Monday, November 30, 2009


I'm really into birds lately. Watching them fly, or eat at a feeder. I've started noticing they are all over the place in decorations, in print, and in the handmade craft world. This photo is of a holiday display at Nordstrom - a tree filled with birds! Tonight I had to go back to the MOA to pick up a bag my sister left in a store on Friday. I really wasn't looking forward to going back to the mall. Big change for me over the past two years. I used to love shopping there - now, it's just OK. I had two coupons for DSW, good through today. I scoured the regular and sale priced areas for a pair of gray flats. No luck. Then I looked for new running shoes. No luck. So I left. And am happy I didn't just buy something I wasn't looking for because I had coupons. That's another big change for me.

Two stories from this Thanksgiving, aka, the great gravy debacle. I'm the mashed potato maker and my sister makes great gravy. This year the turkey was in the oven a bit too long, was dry, and there was an abundance of pan drippings. Jodi was in gravy making heaven. We had so much that she left over half in the saucepan, which for some reason she put in the sink. You know where this is going. After eating my dad cleared his plate and put it on top of the pan in the sink, covering it. I proceeded to wash my hands in that half of the sink. We soon figured out the gravy was full of soap. Oh boy, there were some sad gravy faces as we dumped the gravy in the garbage. The next day Jodi had to make gravy with "the bag of stuff that was with the turkey" (as my mom called it). I didn't want to know what that bag of stuff was, so I chose not the watch the second gravy making.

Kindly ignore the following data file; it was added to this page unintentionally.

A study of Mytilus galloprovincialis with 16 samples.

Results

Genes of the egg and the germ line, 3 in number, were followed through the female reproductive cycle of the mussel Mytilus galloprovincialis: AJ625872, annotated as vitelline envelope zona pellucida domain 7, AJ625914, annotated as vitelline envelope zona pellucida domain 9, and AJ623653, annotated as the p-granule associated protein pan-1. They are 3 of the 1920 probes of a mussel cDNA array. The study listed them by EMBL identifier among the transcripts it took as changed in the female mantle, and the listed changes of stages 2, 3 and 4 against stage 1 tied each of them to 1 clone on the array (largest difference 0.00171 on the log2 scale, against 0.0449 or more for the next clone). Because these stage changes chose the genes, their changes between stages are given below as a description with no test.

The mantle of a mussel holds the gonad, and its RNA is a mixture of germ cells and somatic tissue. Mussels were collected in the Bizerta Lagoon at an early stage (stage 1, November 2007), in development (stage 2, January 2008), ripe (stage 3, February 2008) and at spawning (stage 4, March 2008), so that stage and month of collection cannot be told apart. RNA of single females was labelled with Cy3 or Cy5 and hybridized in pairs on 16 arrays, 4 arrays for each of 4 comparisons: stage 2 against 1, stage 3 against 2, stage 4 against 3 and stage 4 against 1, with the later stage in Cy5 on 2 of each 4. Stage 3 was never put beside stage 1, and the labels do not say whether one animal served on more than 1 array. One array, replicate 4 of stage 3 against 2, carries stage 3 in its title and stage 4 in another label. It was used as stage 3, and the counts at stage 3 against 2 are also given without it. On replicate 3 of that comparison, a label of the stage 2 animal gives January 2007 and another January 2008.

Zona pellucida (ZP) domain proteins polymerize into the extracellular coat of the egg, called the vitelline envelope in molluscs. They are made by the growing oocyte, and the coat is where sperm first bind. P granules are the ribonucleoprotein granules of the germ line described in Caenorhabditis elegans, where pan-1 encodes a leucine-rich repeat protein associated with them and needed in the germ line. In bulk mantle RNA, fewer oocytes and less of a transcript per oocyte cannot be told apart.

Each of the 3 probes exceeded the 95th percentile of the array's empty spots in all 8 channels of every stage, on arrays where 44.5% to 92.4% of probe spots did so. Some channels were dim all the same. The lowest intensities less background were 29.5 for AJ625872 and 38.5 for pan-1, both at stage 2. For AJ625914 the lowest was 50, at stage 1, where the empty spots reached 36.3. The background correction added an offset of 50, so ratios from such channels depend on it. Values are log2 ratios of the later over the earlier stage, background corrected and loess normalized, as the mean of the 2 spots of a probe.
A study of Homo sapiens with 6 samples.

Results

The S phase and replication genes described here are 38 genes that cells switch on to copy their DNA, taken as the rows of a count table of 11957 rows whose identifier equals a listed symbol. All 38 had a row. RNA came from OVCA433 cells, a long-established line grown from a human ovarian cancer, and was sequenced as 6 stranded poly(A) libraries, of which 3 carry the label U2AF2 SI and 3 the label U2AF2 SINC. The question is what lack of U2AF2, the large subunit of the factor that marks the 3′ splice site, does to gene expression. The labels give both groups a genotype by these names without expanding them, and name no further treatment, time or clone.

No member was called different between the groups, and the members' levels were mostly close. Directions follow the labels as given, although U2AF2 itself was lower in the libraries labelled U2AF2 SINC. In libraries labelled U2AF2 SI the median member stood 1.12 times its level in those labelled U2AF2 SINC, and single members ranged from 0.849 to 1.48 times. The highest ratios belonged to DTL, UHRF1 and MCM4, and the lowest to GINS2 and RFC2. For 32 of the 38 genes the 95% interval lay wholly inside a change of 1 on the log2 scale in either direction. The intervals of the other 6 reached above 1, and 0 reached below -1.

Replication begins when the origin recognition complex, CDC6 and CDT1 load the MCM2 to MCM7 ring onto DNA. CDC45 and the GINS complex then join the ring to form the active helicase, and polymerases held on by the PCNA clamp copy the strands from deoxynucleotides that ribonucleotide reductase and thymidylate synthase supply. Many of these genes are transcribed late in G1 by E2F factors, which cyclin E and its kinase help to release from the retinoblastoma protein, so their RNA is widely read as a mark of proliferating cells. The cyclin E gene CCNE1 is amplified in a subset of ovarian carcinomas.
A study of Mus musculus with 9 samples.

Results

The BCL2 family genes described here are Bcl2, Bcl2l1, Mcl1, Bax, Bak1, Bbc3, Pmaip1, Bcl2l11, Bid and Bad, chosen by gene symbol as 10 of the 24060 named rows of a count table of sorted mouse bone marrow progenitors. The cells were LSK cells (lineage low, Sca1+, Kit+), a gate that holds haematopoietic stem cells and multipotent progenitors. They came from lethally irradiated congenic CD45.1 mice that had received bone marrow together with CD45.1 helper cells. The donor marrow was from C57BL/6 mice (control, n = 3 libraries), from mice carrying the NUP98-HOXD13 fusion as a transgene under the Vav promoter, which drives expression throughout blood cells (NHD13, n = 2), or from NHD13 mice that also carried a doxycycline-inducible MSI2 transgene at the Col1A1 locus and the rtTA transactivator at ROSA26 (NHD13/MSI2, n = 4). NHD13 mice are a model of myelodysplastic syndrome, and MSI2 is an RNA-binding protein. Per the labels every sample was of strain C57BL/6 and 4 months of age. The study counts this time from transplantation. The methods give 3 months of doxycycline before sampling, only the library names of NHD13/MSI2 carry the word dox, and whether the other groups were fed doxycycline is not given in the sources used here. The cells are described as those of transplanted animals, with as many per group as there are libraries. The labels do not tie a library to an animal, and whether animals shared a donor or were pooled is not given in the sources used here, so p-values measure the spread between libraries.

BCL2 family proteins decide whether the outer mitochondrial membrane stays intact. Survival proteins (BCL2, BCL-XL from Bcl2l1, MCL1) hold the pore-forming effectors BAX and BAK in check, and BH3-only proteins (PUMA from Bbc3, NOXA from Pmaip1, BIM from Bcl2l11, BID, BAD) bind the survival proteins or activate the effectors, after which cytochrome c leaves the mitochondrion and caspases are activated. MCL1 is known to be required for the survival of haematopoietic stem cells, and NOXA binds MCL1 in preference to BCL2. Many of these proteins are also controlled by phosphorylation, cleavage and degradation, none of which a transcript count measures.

The next is about my nephew, Andrew. He has definite ideas about what he likes to eat. On Thanksgiving it's just turkey legs and pumpkin pie. No sides. Except rolls. Well, I told my mom the week before that we probably don't need rolls, since there's stuffing and all the other sides. We sit down, Andrew gets his legs and asks where the rolls are. My mom sighs and says, "Jill said we didn't need bread. . . " and repeated that at least three times during the meal. I offered to make toast. He said it wasn't a big deal. More sighs from mom.

Next year I'm taking a cue from Charlie Brown Thanksgiving and setting out a plate of toast, stick pretzels, popcorn and jelly beans. And I bet more than one person will eat some of it. It's my plan for a new tradition. . . since the scalloped corn I made this year wasn't well received. That's another story.